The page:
Letting agents’ fees
There has been much talk of banning letting agents’ fees over the last couple of years, but the Government has now put its money where its mouth is and published the draft Tenant Fees Bill 2018 (“the TFB”).
If the TFB is passed by Parliament in its current form then both landlords and letting agents will be prohibited from charging fees to residential tenants for matters such as undertaking reference checks or preparing new tenancy agreements.
The TFB also restricts security deposits to six weeks’ rent and restricts holding deposits to one week’s rent.
If a tenant is made to make what is referred to as a “prohibited payment” then there are a number of consequences:-
- The tenant can recover the payment from the landlord or letting agent by making an application to the First-tier Tribunal;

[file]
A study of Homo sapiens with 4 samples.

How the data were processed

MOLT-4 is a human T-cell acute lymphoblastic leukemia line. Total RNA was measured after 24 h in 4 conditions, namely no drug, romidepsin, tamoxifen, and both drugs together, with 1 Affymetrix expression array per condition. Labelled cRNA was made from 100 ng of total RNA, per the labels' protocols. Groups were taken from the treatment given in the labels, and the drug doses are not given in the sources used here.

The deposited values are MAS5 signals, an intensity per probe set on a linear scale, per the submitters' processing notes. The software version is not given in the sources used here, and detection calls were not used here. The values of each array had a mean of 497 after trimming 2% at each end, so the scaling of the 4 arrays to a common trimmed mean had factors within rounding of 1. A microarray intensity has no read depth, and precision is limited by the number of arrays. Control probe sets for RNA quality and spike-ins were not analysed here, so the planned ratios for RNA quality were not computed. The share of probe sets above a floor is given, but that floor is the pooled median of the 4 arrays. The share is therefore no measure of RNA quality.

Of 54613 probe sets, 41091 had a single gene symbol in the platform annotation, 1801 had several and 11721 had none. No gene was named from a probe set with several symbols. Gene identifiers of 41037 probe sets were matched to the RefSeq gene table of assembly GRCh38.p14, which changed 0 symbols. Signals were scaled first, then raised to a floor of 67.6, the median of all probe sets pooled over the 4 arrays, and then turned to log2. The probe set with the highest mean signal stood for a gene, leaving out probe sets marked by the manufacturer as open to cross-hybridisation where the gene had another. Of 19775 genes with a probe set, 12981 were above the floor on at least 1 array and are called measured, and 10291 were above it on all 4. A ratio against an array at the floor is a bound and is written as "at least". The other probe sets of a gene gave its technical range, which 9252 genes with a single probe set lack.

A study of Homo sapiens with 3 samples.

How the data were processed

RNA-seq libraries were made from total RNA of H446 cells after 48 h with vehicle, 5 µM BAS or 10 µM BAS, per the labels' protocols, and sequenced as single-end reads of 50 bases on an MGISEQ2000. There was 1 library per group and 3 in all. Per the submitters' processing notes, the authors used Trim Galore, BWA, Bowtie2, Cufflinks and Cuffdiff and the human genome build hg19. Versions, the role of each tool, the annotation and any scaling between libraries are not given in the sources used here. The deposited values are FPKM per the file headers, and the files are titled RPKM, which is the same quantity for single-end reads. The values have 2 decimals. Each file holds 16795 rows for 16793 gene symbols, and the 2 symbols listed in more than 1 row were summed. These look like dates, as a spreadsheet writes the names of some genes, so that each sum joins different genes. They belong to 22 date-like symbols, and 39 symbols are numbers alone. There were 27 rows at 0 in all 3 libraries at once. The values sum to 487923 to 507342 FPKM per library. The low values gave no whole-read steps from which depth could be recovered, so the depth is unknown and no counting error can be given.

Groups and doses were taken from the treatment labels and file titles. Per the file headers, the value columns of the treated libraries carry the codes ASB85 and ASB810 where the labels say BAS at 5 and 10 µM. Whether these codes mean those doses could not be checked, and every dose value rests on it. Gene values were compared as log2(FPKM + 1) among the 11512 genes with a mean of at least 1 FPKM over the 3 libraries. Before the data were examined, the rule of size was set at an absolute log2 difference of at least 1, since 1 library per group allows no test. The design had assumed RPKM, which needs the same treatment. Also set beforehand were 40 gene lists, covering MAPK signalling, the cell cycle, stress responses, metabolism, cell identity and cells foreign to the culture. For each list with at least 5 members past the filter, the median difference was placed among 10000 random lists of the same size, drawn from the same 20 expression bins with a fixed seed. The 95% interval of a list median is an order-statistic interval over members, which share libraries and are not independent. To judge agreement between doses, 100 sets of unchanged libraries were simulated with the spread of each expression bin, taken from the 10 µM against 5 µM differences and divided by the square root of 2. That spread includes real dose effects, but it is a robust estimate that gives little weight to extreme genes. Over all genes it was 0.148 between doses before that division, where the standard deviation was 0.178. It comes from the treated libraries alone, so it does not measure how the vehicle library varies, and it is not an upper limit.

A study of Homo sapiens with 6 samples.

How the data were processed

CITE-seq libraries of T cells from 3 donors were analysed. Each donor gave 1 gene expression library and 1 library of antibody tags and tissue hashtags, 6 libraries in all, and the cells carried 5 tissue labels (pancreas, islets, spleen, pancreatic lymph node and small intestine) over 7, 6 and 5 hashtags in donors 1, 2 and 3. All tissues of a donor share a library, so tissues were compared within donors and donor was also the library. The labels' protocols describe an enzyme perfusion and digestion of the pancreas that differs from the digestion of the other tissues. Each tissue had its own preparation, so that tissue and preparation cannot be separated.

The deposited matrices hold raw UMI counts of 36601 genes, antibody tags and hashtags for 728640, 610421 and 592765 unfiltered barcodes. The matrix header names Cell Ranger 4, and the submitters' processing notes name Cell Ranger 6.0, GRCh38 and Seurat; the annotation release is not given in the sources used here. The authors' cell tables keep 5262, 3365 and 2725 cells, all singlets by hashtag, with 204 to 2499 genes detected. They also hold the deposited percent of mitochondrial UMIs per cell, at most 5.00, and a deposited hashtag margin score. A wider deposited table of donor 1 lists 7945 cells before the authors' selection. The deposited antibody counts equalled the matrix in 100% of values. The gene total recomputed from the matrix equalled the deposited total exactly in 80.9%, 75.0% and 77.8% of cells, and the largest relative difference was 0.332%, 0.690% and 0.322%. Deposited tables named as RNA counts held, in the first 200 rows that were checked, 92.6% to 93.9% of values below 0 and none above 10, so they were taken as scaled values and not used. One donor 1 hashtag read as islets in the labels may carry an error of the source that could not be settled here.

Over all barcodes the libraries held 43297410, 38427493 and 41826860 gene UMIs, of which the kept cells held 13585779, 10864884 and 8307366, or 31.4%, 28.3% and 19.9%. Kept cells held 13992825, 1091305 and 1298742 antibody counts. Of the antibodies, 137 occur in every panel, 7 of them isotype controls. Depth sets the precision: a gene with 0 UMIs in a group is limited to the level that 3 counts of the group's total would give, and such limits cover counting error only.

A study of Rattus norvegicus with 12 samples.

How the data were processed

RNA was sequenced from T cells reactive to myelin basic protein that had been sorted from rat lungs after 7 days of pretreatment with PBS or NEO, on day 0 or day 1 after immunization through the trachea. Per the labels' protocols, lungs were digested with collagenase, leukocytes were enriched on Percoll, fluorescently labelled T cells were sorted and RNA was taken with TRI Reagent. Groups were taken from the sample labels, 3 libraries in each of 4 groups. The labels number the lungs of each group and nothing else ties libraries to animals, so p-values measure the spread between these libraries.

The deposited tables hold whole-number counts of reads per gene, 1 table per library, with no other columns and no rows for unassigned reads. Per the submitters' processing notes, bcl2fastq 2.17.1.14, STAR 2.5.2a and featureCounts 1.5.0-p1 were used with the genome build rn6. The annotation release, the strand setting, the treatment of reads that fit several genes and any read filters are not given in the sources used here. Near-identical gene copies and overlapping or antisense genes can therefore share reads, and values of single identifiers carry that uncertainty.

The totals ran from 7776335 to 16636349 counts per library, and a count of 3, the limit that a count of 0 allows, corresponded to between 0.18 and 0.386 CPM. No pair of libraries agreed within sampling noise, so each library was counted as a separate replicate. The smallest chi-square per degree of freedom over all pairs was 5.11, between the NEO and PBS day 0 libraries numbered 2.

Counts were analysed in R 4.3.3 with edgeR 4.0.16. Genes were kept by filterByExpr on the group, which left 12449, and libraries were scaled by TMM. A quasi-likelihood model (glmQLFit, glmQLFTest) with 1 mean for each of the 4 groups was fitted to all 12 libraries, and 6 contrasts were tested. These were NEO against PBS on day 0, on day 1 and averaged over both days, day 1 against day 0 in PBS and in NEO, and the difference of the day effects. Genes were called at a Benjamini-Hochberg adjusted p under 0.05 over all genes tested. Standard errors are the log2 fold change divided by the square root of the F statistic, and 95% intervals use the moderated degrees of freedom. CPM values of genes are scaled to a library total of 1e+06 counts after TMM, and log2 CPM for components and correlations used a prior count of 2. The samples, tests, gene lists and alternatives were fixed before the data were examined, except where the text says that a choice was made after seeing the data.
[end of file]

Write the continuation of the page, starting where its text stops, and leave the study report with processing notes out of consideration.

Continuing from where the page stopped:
- The landlord or letting agent may be fined by the local weights and measures authority up to £5,000 or up to £30,000 for a repeat offence, or may be convicted of a criminal offence; and,
- A landlord under an assured shorthold tenancy will be unable to give the tenant a section 21 notice until the prohibited payment has been repaid.
The legislation will have prospective effect only so monies paid under existing tenancies will not be affected, although it appears that the legislation will apply when an existing tenancy is renewed or varied.
The legislation will be welcomed by tenants but could have a significant impact on the businesses of many letting agents who rely on this income. It will remain to be seen whether the effect will simply be that rents will increase to cover the landlords’ costs of having to pay letting agents themselves.
For advice contact John Wagstaffe.
Please note the contents of this blog are given for information only and must not be relied upon. Legal advice should always be sought in relation to specific circumstances.